I stumbled across the enigmatic “currently educationally disengaged” while following up on the joint WAMU-FM and NPR investigation that, earlier in the year, revealed that one-third of the city’s high school graduates in 2017 should not have received their diplomas, because of chronic truancy and other problems.
The school system’s books were being cooked by teachers, principals and headquarters staff — all of whom should have known better.
The 2018 graduation rate, according to DCPS, was 68.6 percent, with 2,273 of 3,311 seniors getting diplomas. I simply wanted to know what happened to the students who did not graduate. Hence, my odyssey through bureaucratic jargon to “currently educationally disengaged.”
That’s not low enough.
The District predicted three years ago that by 2018, 75 percent of all jobs in the District would require some form of postsecondary education. Well, 2018 is here.
That report showed that only 67 percent of DCPS graduates enrolled in college and that only 24 percent had earned either an associate or bachelor’s degree within six years. The economy may be on a roll, the DCPS noted, but many of the District’s public school graduates have been passed over for high-wage, high-demand jobs in favor of non-D.C. residents who have undergraduate and advanced degrees.
Think about it. Amazon is coming to the Washington area with jobs aplenty. But who in the area will be qualified enough to snare them? (Amazon’s founder and chief executive, Jeffrey P. Bezos, also owns The Post.)
And take that thought a little further. What about the school dropouts, who number in the hundreds each year?
One thing is certain: They may be disengaged from the school system, but not from the District government. Some will be retied to the city by way of its overextended social-services programs or beleaguered criminal-justice system. Hence, the need for a closer look at the impact of the graduation rate scandal.
Which led to a second line of inquiry.
In June, The Post reported that “about 1,000 teachers in D.C. Public Schools — a quarter of the educator workforce — lack the certification the city requires to lead a classroom.”
I set out to learn where matters stand six months later. It was as though I was trying to obtain a state secret. My query was kicked up the ladder from the Office of State Superintendent to the Office of the Deputy Mayor for Education, where I encountered two other favored DCPS approaches to evading plain and simple answers: “in the process of” and “we are committed to ensuring our students have . . .”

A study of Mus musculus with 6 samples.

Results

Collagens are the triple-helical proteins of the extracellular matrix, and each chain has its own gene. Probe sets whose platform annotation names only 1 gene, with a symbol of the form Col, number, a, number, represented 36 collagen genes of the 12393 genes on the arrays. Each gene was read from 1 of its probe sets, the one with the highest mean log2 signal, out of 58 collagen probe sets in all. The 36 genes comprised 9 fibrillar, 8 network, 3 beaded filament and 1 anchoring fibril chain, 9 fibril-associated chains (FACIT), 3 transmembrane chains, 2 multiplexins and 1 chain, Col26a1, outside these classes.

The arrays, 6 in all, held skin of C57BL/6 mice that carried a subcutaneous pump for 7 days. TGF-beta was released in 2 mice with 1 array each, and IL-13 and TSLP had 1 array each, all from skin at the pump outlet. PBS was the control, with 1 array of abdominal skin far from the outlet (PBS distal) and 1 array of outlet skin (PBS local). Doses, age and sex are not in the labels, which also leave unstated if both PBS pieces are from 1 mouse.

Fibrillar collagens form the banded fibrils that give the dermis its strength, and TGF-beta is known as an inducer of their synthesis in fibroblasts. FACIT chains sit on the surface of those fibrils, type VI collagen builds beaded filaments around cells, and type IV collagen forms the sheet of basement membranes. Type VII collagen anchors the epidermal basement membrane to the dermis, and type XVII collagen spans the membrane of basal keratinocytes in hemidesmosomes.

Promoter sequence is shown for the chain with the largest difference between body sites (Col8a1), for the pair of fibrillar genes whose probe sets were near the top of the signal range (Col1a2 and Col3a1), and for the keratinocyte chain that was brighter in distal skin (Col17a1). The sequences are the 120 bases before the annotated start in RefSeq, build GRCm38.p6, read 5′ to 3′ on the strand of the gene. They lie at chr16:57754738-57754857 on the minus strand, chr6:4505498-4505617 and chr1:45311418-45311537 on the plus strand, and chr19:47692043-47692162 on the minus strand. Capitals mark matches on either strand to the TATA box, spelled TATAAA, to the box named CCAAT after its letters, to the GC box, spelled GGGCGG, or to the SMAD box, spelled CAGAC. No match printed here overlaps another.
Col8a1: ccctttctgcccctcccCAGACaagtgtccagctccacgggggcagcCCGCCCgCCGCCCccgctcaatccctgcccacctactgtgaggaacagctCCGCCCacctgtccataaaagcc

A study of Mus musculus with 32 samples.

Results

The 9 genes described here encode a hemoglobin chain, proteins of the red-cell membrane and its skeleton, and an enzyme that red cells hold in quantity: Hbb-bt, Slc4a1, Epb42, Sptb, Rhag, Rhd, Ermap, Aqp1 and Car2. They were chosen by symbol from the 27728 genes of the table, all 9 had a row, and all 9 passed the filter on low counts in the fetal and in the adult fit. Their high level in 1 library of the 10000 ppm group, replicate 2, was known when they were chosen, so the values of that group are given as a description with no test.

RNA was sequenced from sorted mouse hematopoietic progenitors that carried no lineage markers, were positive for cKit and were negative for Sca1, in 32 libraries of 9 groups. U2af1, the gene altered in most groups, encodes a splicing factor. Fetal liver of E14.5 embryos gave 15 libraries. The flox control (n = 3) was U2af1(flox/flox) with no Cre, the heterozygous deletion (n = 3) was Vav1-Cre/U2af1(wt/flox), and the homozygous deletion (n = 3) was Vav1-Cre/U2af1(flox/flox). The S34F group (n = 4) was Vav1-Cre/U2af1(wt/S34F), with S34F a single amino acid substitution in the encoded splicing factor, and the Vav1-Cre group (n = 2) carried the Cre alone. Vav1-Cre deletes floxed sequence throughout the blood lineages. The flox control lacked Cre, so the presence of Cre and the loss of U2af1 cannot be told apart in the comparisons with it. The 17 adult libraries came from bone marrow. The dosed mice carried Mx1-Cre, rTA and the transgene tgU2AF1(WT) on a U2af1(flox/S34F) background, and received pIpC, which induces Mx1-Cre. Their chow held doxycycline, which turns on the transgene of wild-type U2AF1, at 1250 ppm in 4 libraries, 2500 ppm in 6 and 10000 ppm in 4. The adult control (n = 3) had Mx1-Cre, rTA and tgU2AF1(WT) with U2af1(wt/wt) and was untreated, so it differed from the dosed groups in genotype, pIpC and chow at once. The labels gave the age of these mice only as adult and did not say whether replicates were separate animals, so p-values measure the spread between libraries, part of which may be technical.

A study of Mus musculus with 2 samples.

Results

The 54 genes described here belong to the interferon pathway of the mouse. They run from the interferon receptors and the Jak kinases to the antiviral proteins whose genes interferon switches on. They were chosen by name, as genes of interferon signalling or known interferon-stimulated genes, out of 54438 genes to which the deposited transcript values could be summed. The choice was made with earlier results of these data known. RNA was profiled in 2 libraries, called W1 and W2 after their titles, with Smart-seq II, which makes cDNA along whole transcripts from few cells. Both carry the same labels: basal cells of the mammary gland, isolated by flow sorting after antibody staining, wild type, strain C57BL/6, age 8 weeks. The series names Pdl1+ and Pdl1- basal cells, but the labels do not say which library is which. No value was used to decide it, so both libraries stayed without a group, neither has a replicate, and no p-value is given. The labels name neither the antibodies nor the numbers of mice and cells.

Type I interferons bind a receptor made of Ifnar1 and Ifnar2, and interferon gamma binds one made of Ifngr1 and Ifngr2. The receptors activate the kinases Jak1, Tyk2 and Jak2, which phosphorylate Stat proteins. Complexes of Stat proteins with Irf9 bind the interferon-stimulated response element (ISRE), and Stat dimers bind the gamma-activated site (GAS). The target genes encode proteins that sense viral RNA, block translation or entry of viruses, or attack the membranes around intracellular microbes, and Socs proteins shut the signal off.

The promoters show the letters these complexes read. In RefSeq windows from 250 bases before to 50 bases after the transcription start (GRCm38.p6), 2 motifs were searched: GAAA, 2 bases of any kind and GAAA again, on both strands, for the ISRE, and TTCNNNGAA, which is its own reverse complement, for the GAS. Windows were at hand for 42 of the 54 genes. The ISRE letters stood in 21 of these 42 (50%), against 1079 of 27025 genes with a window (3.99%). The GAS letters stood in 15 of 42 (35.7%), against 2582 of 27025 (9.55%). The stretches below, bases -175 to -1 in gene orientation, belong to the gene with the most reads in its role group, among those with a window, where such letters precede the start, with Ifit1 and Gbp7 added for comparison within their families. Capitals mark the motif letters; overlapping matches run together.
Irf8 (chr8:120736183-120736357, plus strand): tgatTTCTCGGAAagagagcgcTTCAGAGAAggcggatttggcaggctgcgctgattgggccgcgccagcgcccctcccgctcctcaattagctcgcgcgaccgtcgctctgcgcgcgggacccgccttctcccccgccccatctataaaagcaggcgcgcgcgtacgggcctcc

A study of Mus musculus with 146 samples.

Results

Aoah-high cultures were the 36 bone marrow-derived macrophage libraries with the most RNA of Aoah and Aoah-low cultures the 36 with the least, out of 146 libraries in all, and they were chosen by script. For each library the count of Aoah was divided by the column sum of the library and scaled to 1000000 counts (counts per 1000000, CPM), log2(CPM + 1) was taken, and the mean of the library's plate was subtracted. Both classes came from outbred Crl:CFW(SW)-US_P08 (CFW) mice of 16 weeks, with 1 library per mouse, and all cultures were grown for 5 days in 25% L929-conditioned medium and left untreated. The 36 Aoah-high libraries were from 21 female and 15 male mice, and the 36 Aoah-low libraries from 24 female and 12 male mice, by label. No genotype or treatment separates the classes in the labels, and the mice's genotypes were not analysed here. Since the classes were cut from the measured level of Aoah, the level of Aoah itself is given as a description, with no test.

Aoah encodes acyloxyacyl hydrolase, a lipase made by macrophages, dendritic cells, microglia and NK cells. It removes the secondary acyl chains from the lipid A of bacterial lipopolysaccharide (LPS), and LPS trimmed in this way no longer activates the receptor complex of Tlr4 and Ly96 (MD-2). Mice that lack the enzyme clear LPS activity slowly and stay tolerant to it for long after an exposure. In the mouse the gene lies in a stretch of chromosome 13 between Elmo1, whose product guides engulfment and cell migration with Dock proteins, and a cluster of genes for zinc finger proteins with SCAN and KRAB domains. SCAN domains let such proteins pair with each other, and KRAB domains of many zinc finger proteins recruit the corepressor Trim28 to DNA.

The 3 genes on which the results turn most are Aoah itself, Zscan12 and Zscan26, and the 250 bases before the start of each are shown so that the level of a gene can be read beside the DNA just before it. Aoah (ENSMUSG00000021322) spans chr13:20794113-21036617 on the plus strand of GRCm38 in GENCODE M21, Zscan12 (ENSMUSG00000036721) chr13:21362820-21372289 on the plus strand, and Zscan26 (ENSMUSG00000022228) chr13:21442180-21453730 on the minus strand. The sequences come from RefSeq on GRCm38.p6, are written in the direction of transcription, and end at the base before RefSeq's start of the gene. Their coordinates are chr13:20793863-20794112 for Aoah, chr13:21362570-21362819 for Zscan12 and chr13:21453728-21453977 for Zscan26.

This much I eventually learned: 3,892 teachers currently hold a license; 1,022 teachers did not hold licenses. Six hundred and sixty-six reportedly have applied. The school system is working with more than 400 teachers on “individualized plans to get them on the path to licensure.” There is a plan for “all DCPS educators . . . to be in compliance by June 2019,” according to a spokesman for the deputy mayor of education.
Which gets us back to Ferebee and the challenges he faces should he get the post. He would be the city’s sixth permanent school leader since 2000, The Post reported. There’s a reason for the turnover. The job’s a killer. Not only must the chancellor tackle the daunting problem of the wide achievement gap between students from affluent households and low-income families (a problem that remains unsolved in the Indianapolis public school system that Ferebee led for the past five years), he also will encounter a governance structure so indirect and complicated that it only could have been designed by a Rube Goldberg devotee.
Today, the mayor is responsible for the DCPS system. The chancellor reports to the mayor — but also must pay heed to a state superintendent for education, as well as a toothless but vocal State Board of Education, a hovering, second-guessing deputy mayor for education, and a mercurial, self-serving D.C. Council, all the while trying to bring the school system up to snuff to compete with public charter schools.
It is anyone’s guess as to when Ferebee will find time to run a school system that might educate children and satisfactorily engage teachers, principals and parents.
As for curing graduation and dropout rates and such sundry matters as attendance, getting to school on time, and learning under safe and supportive conditions — those topics, apparently, are “currently educationally disengaged.”
Read more from Colbert King’s archive.